Even if the gritters are out on the roads and going outside without a thick coat, hat, gloves and a scarf on is to risk catching pneumonia, from today you can always settle down in the evening and whisk yourself off to Florida or Arizona.
Whisk yourself off to baseball.
Spring Training games are similar to pre-season friendlies in football. They are not competitive games in any sense. They do not grab hold of your attention and are easy to walk away from well before the final out is made; however, that really doesn’t matter.
Just as the best pitchers will only look to pitch an inning or two early on in Spring Training, fans check in to a game for a few frames to ease their way into the long grind of the season ahead, albeit with the World Baseball Classic due to provide plenty of fireworks in the middle this year.
There are four games to start us off on Friday. At 18.05 U.K. time the Detroit Tigers begin their game against the Atlanta Braves. The other games – Cincinnati Reds v Cleveland Indians, Kansas City Royals v Texas Rangers and San Diego Padres v Seattle Mariners – all begin at 20.05.
None of these games are being covered on TV and therefore they are not available to watch on MLB.TV (plenty of games will be watchable on MLB.TV over the course of Spring Training); however there should be radio coverage via the MLB.com subscriptions and I’ve long been a great advocate of listening to ballgames. Just like with cricket, baseball suits the medium of radio perfectly and there’s little better than relaxing on an evening with a ballgame in the background.
Details of the MLB.TV subscriptions from a British perspective can be found here including lots of very helpful comments from baseball fans passing on their experience of using different connected devices.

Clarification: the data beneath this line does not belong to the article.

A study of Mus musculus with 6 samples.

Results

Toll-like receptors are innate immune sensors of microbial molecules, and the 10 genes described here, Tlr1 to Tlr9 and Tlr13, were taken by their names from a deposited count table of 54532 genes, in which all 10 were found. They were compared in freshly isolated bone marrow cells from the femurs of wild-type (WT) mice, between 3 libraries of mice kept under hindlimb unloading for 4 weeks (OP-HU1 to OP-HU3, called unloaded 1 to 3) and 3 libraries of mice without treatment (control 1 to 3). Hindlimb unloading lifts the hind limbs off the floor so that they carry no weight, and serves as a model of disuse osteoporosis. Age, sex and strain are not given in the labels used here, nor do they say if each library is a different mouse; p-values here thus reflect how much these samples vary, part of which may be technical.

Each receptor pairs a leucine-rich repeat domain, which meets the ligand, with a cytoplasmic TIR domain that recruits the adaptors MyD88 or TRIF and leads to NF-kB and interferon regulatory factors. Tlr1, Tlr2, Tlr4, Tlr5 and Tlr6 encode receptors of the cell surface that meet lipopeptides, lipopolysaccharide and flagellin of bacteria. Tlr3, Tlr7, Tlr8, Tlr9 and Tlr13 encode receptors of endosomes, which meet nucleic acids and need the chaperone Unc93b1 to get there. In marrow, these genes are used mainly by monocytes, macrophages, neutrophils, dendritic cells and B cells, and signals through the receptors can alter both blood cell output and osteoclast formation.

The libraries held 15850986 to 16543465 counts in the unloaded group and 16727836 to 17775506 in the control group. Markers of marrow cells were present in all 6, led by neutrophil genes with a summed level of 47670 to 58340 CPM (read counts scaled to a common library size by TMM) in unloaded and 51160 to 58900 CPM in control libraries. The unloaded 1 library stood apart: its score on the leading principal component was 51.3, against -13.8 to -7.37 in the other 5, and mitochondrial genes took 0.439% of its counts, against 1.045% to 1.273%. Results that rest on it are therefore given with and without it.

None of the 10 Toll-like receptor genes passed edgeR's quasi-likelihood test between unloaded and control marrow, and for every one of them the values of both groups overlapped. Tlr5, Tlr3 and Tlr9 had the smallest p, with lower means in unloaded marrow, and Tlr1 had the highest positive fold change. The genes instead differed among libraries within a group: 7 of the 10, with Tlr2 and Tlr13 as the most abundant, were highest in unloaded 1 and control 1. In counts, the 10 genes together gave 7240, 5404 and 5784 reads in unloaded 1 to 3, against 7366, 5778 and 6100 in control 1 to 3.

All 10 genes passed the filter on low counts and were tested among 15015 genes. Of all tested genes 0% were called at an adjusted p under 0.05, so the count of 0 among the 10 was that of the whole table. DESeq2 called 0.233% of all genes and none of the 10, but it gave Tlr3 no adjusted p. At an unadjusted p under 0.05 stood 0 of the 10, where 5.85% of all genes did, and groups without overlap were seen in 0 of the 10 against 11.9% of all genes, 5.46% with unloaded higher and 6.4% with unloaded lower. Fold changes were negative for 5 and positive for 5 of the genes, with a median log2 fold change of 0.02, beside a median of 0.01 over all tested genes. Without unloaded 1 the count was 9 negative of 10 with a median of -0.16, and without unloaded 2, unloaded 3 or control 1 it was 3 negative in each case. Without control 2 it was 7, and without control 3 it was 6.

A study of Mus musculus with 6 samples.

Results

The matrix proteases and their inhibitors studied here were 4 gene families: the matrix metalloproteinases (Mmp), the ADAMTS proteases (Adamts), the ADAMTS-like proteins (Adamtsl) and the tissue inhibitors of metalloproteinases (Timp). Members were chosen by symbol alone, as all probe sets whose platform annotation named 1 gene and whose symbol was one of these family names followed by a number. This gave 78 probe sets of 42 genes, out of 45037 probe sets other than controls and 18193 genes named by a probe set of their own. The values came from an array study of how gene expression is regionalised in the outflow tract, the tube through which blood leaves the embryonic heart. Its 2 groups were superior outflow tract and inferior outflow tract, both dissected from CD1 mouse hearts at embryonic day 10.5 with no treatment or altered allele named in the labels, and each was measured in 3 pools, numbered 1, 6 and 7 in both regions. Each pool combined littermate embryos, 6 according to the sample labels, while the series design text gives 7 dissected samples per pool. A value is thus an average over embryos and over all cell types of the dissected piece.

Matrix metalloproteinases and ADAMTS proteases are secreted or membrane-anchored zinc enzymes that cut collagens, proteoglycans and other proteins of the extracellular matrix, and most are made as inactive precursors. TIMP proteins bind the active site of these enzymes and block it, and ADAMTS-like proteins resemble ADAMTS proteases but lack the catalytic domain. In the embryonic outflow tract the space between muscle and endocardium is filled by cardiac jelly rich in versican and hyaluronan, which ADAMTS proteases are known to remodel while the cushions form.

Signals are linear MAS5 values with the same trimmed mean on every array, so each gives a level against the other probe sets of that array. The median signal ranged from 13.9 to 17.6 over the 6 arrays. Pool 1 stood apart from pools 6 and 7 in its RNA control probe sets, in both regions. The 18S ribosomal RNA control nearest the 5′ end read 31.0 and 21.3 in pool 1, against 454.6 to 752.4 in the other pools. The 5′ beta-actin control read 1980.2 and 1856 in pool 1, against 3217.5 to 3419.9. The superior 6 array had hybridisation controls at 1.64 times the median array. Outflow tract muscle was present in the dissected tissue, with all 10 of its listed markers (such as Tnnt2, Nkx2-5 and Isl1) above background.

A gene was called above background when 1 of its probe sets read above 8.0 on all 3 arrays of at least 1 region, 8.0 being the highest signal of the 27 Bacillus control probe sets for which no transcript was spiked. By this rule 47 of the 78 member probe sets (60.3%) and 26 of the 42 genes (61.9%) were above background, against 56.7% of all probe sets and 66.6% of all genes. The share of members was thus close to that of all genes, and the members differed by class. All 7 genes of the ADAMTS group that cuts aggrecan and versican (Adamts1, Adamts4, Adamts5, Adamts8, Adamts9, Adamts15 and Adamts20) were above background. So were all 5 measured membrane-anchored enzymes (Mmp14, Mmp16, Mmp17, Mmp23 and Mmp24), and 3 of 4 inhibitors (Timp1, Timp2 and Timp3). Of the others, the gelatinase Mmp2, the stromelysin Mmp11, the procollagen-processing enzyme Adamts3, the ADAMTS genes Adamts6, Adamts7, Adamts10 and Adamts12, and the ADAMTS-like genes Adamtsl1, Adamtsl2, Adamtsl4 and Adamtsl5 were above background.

The MLB At Bat app was launched on Thursday. The basic app – with news, scores, stats and video highlights – can be downloaded for free. MLB.TV Premium subscribers simply need to add their account details into the app to then use their subscription to watch and listen to live and archived games.
If you don’t fancy buying the MLB.TV subscription but want to follow games lives then you can pay $20 (£13) to upgrade to the premium services in the At-Bat app that will add live radio commentary streams. Apple device users have the option of a $3 (£2) monthly-recurring fee.
It’s worth restating, to avoid potential disappointment, that the only way you can watch the live video streams through the At Bat app is to pay for the MLB.TV Premium subscription as well (although there is normally one free live streamed game most days to enjoy).
If you think you might want to add the MLB.TV subscription later in the season (at a discounted rate) then think through how much you would use the premium At Bat app (i.e. the live radio streams) in the meantime before purchasing now. The $20 premium app features come as part of the MLB.TV Premium subscription so in a sense effectively you would be paying for this twice if you buy it now and then get the MLB.TV Premium subscription later. Still, if you plan to get MLB.TV Premium for the second half of the season and will listen to plenty of games before then, it might be well worth paying that extra $20/£13 to get the radio streams on your chosen device now.